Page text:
Have you just watched a Disney movie where they’ve shown a white elephant and you are wondering whether they really exist? Well, I have done some research and tried to find the answer.
So, do white elephants really exist? No elephant that was really white has ever been seen but the name is applied to elephants that are lighter in color than is normal. The real color of a so-called white elephant is light gray or yellowish, sometimes with pink spots.
In former times, white elephants were held in high esteem; they were regarded as sacred and even worshiped. So valuable were they considered that, in some regions, only the kings were considered worthy to own one.
Actually, kings were probably the only persons wealthy enough to keep white elephants in the luxury that custom demanded. White elephants were never worked and were given special quarters, sometimes as elaborately decorated as palaces.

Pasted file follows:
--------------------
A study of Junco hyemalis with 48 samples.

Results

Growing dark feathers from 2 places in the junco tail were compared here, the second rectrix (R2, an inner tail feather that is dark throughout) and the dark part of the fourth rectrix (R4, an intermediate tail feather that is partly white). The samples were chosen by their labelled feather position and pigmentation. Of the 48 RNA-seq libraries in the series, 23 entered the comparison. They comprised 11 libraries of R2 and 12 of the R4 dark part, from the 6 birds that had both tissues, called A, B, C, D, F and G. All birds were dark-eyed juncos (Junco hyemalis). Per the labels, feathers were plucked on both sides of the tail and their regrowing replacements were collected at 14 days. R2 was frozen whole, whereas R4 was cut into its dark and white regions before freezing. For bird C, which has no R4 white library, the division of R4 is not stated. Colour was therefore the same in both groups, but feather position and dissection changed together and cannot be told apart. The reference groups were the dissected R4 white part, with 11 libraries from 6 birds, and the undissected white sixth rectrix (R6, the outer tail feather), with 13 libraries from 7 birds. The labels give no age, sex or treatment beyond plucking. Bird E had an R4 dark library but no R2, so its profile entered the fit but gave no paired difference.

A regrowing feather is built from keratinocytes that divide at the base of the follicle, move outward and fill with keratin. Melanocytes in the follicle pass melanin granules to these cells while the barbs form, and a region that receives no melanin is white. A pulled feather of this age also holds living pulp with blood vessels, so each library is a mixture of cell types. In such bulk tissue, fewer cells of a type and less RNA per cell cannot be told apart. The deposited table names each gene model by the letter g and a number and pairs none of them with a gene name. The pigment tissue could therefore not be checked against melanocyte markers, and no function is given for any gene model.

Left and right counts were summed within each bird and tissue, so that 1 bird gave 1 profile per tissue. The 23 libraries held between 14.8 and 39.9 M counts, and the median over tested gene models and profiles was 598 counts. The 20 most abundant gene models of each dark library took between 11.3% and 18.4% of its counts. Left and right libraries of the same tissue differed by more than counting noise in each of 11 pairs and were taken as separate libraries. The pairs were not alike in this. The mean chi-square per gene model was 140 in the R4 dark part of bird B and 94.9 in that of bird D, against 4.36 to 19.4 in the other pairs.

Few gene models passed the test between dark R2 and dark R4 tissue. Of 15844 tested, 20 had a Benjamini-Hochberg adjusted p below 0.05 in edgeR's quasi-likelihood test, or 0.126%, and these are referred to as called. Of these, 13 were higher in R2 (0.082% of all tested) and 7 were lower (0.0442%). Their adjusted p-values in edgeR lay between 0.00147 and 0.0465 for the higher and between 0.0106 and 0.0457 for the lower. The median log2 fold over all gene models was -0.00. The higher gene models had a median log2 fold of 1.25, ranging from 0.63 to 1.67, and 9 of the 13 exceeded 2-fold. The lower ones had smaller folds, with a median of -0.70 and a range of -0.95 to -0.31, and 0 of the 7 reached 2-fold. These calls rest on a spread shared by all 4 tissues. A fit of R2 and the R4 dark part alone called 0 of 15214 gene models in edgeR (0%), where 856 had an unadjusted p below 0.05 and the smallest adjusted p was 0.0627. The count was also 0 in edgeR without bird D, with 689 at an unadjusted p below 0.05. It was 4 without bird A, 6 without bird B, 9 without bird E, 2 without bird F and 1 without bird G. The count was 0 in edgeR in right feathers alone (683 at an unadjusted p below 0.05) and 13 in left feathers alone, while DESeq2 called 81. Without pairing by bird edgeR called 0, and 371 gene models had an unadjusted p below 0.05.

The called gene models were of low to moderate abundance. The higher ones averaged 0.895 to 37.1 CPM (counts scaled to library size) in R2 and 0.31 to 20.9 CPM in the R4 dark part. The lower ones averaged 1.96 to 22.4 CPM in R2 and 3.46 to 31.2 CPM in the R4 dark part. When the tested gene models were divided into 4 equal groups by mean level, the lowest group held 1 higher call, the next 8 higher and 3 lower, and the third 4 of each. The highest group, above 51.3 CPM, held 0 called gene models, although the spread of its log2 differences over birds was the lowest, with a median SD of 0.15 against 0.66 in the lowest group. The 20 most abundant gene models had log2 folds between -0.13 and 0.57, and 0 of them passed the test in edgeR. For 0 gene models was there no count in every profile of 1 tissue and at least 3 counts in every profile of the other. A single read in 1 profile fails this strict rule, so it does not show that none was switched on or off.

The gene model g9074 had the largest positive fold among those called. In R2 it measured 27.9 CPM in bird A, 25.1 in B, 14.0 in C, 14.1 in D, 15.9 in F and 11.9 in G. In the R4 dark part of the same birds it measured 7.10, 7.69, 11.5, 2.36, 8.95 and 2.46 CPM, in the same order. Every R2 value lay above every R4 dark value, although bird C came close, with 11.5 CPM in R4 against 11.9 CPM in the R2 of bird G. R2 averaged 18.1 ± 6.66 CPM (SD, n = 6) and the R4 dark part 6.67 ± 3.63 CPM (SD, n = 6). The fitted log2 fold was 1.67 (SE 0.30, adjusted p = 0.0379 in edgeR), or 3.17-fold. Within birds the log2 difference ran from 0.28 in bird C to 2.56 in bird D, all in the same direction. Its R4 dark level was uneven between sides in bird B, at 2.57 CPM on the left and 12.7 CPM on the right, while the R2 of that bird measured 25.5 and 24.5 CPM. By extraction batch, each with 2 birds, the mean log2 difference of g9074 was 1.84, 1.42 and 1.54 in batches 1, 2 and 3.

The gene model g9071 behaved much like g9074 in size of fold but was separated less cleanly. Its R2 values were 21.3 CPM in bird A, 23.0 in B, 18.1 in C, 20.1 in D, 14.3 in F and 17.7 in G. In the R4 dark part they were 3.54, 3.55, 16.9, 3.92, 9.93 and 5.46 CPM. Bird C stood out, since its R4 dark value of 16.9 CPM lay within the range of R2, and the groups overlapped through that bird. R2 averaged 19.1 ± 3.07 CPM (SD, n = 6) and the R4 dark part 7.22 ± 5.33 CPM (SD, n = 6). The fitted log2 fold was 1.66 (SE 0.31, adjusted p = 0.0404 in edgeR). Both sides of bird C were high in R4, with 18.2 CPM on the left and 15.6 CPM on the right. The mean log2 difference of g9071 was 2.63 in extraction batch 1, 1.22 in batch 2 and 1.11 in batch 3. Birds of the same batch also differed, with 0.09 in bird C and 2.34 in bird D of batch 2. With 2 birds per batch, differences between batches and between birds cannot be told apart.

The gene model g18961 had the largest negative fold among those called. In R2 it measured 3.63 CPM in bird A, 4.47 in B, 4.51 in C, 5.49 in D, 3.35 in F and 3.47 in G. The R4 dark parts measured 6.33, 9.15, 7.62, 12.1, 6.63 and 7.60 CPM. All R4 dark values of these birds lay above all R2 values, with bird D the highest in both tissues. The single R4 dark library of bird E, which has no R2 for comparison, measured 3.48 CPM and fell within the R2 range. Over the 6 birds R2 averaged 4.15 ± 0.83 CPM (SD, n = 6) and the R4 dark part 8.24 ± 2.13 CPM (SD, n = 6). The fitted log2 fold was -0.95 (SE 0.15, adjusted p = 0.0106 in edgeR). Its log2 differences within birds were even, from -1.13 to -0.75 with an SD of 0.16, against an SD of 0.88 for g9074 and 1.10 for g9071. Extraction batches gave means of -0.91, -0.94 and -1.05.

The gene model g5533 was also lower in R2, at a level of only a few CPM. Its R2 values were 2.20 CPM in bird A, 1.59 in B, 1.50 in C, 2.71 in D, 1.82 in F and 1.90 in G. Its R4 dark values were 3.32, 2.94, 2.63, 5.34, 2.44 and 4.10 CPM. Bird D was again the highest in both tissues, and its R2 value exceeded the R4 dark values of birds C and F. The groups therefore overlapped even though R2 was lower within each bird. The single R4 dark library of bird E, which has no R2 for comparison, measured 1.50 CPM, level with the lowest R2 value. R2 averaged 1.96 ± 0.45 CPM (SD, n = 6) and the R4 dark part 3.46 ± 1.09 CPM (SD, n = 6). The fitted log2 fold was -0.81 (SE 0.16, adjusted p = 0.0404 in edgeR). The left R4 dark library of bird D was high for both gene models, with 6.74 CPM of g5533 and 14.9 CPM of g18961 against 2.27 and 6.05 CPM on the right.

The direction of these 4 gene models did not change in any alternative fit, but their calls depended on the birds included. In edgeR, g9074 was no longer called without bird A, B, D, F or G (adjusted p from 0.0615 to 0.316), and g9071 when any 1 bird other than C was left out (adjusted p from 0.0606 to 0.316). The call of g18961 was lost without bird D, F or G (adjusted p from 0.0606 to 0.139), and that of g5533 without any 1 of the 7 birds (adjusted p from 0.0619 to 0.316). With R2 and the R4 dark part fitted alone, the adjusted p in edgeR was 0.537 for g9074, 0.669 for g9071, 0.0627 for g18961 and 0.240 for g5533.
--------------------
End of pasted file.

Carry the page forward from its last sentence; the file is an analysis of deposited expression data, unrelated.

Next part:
Special servants were assigned to administer to their needs, and their food was frequently served in troughs of silver or on spotless white cloths. One can easily see why the expression “white elephant” has come to mean an object that is expensive to keep yet yields no returns, or one that is difficult to dispose of.
P. T. Barnum “had a white elephant on his hands” when he attempted to obtain one for his circus. The first elephant died on route to the United States, and by the time one, at last, arrived in the country it had, according to reports, cost him 2,00,000 dollars-a fabulous sum even for a white elephant.